According to the WHO Global TB report 2018, over 7,000 people are diagnosed with TB each day and a life is lost every minute. The Government of India, along with many UN agencies including WHO, has vowed to eliminate TB by 2025. WHP’s Tuberculosis Health Action Learning Initiative (THALI) supports this effort and has become a trend setting project. Expanding from the earlier narrow scope, WHP has added components of advocacy and community action in order to create a well-rounded model for later adoption by the government.

The project started in the city of Kolkata in 2016 to cover all 263 wards. In early 2017, further expansion brought six districts of West Bengal (WB) under its coverage. The project performed exceedingly well with extensive coverage of the private sector and a solid community engagement model that aimed to sensitize the population on TB awareness, and subsequently focused on reducing diagnostic and treatment delays. Thereafter, THALI underwent major structural changes to accommodate and align with the Joint Effort for Elimination of TB (JEET) project. It is currently focusing on a patient support services approach, which includes counselling, adherence and nutritional support. In coordination with the public sector, THALI has been expanded to Jharkhand, Bihar, Uttar Pradesh, Punjab and Gujarat.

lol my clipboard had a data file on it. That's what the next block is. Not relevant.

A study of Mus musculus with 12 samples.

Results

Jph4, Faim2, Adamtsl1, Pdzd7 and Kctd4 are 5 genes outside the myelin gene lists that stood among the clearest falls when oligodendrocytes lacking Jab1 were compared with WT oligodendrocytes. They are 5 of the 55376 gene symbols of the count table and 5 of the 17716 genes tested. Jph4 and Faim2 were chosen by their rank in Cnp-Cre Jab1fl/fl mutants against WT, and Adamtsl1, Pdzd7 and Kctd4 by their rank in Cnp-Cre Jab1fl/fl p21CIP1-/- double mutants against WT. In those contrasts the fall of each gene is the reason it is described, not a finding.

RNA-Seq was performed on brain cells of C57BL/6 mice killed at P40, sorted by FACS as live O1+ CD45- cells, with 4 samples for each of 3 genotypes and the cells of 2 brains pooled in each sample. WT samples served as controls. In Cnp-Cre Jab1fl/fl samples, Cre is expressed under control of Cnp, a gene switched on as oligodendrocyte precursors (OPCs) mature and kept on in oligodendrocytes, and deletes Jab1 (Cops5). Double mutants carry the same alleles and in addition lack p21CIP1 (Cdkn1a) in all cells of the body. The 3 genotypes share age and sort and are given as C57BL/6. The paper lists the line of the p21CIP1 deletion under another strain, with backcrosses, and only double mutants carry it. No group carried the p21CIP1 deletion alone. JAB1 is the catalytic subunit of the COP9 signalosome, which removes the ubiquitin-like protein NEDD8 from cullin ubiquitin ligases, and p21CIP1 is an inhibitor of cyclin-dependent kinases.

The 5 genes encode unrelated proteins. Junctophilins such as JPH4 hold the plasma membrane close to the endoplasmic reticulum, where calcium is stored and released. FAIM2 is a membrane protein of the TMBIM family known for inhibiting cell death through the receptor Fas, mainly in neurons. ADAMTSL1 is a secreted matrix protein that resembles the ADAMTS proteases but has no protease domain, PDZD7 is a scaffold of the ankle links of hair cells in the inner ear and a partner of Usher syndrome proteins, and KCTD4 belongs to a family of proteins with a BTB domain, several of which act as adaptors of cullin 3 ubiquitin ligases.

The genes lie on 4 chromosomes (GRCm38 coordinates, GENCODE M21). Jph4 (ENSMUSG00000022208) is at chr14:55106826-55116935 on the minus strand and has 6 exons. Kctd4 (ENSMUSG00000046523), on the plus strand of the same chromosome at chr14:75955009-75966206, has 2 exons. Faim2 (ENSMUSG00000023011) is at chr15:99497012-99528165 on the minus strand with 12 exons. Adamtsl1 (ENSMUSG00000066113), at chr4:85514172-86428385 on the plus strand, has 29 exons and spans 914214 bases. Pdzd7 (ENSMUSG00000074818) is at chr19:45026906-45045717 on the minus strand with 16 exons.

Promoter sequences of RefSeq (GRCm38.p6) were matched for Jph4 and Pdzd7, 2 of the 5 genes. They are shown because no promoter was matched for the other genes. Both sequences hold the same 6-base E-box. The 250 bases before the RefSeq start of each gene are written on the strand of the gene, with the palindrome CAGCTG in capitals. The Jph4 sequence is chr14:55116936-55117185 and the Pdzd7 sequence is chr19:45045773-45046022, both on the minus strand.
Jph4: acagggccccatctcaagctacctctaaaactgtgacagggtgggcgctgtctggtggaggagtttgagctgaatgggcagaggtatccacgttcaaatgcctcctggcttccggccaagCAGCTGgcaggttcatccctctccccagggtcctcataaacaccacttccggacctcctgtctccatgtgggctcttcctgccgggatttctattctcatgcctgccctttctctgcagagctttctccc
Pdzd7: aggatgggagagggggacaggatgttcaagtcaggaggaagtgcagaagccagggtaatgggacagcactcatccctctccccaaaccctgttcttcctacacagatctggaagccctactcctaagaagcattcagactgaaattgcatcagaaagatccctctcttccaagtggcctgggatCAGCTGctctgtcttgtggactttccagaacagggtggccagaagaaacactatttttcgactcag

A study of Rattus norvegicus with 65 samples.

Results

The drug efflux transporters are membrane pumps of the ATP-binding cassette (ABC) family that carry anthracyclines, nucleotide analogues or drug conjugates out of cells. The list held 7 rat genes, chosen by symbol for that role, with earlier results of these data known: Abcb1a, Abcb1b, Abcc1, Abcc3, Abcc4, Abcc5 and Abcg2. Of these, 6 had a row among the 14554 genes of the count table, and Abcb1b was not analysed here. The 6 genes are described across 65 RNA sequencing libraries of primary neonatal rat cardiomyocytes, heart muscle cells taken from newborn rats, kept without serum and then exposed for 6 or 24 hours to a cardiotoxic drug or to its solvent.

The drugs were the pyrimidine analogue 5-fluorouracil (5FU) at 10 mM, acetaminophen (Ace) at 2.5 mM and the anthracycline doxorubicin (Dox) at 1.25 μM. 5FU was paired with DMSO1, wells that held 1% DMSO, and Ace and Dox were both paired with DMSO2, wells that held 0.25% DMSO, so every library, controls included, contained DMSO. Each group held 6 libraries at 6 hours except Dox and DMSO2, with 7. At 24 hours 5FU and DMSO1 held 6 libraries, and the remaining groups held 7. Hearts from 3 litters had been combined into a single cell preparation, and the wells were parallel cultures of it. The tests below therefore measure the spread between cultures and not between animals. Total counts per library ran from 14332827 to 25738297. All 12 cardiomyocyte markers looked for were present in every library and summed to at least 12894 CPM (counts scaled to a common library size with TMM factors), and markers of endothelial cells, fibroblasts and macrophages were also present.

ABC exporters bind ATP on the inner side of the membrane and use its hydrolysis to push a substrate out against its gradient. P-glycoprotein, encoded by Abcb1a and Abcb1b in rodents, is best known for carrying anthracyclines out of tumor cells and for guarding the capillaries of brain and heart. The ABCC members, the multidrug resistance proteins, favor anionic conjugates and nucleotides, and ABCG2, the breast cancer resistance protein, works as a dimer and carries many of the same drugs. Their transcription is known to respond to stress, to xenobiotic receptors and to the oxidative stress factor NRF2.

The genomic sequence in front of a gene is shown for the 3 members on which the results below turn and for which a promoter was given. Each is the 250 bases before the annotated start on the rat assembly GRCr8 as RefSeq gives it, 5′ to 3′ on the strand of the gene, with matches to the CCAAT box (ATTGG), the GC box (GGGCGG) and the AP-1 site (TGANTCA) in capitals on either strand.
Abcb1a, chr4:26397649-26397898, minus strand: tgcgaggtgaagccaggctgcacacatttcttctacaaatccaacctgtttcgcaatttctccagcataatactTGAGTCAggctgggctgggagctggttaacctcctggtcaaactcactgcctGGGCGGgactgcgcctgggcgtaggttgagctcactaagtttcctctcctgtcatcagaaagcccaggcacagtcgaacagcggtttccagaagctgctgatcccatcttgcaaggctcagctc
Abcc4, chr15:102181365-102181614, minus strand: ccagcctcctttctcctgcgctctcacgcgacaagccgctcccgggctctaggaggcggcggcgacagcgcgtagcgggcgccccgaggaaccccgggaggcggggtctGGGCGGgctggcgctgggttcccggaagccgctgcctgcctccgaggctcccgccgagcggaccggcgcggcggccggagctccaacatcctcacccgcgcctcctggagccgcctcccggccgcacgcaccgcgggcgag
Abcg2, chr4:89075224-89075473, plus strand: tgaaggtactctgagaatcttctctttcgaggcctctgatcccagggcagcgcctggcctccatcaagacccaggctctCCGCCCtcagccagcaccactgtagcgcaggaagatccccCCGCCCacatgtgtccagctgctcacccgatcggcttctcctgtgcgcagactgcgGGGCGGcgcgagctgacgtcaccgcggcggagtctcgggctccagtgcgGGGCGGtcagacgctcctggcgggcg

THALI is implemented by a consortium led by WHP along with John Snow India (JSI) and Child in Need Institute (CINI) with active engagement of the respective state Governments.


The THALI project is supported by the United States Agency for International Development with a grant of $7.4 million to the consortium for four years.


THALI has undergone a structural shift with the introduction of a patient support services approach. In the earlier stages of implementation in West Bengal, the focus was on synergizing resources in the public, private and corporate sectors. This was an ambitious strategy which in the past commonly suffered from many pitfalls mostly related to inherently difficult coordination. By creating a unified command structure which WHP’s programming model advocates, the project has been able to combine a variety of competencies through specialist organisations. The early results were extremely encouraging with THALI notifying 11,483 cases (in two years) which was 90% of total cases notified by the private sector in six districts of West Bengal (as on March 12th 2020).

WHP welcomes the opportunity to collaborate to implement this commitment.